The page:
Feb. 1 (Bloomberg) -- Deutsche Bank AG, Europe’s largest bank by assets, plans to tell employees it will impose a 300,000-euro ($409,000) cap on bonuses being paid this year, said three people with knowledge of the discussions.
The cap, which will apply across the company, may be relayed to employees next week, said the people, who asked not to be identified because the plans are private. Senior staff, or what the bank calls “regulated” employees, will receive as much as 150,000 euros in cash, with the balance available in shares in August, the people said.
Banks are under pressure to rein in compensation and tie it more closely to performance after large cash payouts were blamed for encouraging the type of risk-taking that led to the 2008 collapse of Lehman Brothers Holdings Inc. and the subsequent financial crisis. Deutsche Bank will pay 3.2 billion euros in bonuses for 2012, down 11 percent from a year earlier, Chief of Compliance Stephan Leithner said yesterday.
The bank had a cap on immediate payouts of 200,000 euros last year, people familiar with the matter said. A Deutsche Bank official in London declined to comment on bonuses.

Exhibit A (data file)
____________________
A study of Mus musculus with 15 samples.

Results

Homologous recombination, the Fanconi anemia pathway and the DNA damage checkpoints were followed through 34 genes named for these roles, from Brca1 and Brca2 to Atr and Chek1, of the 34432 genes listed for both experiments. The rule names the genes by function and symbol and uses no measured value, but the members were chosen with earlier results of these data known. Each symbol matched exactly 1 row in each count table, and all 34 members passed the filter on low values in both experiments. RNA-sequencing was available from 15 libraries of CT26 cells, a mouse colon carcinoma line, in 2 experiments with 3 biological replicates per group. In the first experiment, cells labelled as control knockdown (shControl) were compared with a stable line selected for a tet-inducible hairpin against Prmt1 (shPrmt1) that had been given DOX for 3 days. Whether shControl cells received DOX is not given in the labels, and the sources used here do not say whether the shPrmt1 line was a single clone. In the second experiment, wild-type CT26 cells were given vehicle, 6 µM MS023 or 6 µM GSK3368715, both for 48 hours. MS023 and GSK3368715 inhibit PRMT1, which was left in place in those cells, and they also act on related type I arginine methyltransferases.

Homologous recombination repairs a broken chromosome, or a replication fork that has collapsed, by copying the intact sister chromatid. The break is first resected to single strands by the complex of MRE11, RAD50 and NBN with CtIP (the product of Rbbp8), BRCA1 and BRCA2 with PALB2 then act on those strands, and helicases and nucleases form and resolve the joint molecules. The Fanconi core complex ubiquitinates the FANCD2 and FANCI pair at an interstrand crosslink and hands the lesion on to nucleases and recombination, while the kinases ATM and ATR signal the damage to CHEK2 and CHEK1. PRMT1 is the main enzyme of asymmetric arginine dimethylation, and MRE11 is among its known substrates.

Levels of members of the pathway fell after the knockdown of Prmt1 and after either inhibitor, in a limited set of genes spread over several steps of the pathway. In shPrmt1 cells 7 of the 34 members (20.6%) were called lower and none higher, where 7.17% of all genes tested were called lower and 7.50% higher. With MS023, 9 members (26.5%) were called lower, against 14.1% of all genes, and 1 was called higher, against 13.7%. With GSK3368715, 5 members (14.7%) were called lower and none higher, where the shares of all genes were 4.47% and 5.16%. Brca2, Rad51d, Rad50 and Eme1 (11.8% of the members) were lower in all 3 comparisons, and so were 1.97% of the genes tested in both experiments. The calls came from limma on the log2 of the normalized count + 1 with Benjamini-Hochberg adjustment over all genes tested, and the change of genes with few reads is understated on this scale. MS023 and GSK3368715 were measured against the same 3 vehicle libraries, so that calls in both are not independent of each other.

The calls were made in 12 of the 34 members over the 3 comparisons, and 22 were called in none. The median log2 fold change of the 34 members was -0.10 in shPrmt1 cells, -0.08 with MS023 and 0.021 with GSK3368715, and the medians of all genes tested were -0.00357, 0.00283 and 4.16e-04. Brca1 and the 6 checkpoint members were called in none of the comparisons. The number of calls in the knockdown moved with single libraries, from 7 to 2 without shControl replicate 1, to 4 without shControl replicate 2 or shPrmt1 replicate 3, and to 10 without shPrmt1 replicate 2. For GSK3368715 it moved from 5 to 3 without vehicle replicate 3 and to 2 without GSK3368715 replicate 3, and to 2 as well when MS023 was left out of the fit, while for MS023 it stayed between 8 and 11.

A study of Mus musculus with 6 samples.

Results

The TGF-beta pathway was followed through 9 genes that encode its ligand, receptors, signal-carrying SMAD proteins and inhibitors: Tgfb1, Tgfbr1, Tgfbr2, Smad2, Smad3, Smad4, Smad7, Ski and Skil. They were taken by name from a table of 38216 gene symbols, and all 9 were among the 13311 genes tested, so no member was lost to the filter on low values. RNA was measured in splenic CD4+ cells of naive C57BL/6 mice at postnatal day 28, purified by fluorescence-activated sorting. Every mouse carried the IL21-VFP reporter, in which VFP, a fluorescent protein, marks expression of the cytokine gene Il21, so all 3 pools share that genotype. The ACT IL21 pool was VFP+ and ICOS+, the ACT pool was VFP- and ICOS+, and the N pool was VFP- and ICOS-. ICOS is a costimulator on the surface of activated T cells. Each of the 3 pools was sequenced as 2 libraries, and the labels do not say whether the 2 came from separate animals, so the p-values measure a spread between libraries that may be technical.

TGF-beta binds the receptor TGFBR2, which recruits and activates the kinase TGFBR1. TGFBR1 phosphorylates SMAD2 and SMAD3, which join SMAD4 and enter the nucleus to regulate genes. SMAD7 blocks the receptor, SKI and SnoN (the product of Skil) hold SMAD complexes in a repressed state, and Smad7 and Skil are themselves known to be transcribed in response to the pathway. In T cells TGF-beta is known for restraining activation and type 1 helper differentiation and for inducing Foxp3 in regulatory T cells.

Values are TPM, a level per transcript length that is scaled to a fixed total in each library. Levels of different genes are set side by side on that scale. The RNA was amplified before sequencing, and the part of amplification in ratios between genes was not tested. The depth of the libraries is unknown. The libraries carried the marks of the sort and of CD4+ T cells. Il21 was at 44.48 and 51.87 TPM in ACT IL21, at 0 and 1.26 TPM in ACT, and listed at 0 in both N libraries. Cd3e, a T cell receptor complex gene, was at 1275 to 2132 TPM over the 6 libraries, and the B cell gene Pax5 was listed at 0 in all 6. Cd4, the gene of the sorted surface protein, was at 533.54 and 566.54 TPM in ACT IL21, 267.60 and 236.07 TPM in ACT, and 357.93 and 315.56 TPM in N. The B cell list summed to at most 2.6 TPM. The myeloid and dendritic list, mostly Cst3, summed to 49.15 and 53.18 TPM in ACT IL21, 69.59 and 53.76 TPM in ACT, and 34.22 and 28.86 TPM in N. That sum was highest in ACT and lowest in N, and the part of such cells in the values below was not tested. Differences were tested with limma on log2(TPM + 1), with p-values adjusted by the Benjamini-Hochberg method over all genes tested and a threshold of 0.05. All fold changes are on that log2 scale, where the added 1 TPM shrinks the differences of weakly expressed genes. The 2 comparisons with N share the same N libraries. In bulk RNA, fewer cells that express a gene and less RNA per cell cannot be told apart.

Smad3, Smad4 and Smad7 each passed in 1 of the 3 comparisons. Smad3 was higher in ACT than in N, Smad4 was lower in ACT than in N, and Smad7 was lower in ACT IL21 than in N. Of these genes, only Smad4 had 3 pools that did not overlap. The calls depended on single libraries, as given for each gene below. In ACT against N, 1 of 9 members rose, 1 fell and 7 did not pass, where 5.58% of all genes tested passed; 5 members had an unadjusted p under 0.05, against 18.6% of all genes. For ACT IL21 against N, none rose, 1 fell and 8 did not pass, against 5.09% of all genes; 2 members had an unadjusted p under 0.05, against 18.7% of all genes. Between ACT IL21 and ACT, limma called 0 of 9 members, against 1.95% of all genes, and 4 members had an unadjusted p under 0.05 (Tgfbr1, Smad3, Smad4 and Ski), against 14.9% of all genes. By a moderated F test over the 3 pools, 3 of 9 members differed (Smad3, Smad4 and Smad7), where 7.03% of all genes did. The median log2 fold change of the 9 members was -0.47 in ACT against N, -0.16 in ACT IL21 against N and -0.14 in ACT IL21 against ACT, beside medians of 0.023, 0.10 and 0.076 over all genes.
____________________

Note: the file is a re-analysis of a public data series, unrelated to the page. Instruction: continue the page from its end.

Deutsche Bank named a panel of business executives and a former German finance minister in October to review its pay system. The bank said Sept. 11 it will increase the vesting period for deferred bonuses for about 150 top executives to five years from three, and will make a single payout after the deferral period ends rather than staggered payments every year.
The Frankfurt-based lender yesterday reported a loss of 2.17 billion euros in the fourth quarter, the biggest in four years, as it eliminated more than 1,400 staff and set aside 1 billion euros for legal costs. Deutsche Bank’s investment bank employed 9,094 full-time front-office employees at the end of 2012, company filings showed.